Yelo (11)

Source: Yelo

Yelo has the capacity to produce up to 120 million litres of rapeseed oil per year

Newly established cooking oil refiner Yelo has kicked off production of what it claims is the UK’s only edible rapeseed oil mass-produced by mechanical extraction.

At its £50m plant in Stratford-Upon-Avon, Yelo hot-presses only rapeseed grown within around 50 miles of the carbon-neutral facility. Its process removes 95% of the seeds’ oil, which is then filtered through white clay to lessen the colour, flavour and odour – making it a suitable ingredient for the food industry.

All other major producers took the “20th century” approach of extracting oil using hexane, a petrochemical solvent, but Yelo’s method was a “21st century solution” said CEO Kevin Ball. While artisanal oil producers used cold-pressing, this was impractical on a large scale, he added.

The company’s West Midlands facility, which was funded by private equity investors, covers 35,306 sq m and employs about 50 people. It had the capacity to produce up to 120 million litres of rapeseed oil per year – about 20% of the UK’s annual requirement, Ball said. Should Yelo find it necessary to scale up, it would simply extend its existing refinery or build a second, he added.

The operation was “Brexit-proof” insomuch as it sourced only rapeseed from British farms with which it had “long-term” contracts, said Ball. “We don’t need to import rapeseed, so we don’t have to worry about tariffs.”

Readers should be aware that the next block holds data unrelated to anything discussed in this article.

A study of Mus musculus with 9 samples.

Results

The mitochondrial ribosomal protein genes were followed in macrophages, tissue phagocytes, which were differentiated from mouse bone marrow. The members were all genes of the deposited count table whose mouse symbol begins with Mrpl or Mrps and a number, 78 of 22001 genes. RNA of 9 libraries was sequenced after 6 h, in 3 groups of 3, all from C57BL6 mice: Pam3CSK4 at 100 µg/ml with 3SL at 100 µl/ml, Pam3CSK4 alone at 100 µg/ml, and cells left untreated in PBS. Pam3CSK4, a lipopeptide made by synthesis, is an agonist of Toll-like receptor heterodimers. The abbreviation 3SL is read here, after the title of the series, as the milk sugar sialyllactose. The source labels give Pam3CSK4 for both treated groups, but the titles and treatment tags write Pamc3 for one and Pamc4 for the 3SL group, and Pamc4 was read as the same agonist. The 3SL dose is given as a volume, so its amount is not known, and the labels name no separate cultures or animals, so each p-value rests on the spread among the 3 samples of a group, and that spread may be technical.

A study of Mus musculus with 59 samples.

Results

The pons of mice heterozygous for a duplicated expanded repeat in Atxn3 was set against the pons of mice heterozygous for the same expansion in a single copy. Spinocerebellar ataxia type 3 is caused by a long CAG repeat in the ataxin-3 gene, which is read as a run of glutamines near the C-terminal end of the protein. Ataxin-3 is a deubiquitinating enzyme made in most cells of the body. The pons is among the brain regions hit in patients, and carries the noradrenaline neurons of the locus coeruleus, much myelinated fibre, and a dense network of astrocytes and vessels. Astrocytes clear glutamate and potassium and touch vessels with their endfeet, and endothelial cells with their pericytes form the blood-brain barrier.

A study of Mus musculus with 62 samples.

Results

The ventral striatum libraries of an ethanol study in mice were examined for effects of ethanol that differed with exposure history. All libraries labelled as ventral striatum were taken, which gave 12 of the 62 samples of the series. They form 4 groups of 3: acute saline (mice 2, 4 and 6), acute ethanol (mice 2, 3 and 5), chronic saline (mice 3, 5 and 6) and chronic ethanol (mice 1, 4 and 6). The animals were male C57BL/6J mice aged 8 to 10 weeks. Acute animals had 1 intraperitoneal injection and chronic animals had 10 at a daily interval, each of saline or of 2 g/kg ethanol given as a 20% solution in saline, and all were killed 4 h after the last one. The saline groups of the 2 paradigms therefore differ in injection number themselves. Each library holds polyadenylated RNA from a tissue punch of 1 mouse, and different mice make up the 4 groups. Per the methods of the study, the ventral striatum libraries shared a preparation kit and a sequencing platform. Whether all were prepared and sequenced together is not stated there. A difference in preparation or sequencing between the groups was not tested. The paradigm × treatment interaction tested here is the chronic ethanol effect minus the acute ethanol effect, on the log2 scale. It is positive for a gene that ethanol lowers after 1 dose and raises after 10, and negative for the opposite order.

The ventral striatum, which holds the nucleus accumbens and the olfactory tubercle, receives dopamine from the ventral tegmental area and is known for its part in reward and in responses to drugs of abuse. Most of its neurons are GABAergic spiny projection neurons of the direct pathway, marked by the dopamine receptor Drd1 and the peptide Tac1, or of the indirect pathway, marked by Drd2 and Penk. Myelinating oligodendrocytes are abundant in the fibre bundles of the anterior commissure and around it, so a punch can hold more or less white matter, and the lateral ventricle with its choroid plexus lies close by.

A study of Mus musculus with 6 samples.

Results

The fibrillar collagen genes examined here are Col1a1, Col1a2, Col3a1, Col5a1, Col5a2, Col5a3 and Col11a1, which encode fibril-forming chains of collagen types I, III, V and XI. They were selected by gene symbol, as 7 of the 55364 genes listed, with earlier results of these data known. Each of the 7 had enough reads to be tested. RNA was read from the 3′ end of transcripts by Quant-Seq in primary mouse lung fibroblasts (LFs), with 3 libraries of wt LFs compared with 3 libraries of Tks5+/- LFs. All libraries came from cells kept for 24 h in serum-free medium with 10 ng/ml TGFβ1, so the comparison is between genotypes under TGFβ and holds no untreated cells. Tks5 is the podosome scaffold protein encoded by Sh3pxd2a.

Yelo also buys biomass wood from a UK supplier to power and heat its refinery. The business imported only “minor processing aids” from Europe, such as white clay – which it had already stockpiled, Ball added.

Having recently secured the highest grade for food safety under the BRC Global Standard, Yelo is now producing rapeseed oil as an ingredient for the likes of food manufacturers and restaurants. “Ninety per cent of the rapeseed oil in the UK is invisible,” according to Ball. “It’s doesn’t go into bottles; it goes into the food we eat.”

Yelo is looking at producing a cooking oil next year for grocery. It already sells “nutritious” animal feed made from its waste rapeseed containing the 5% of oil that hasn’t been extracted.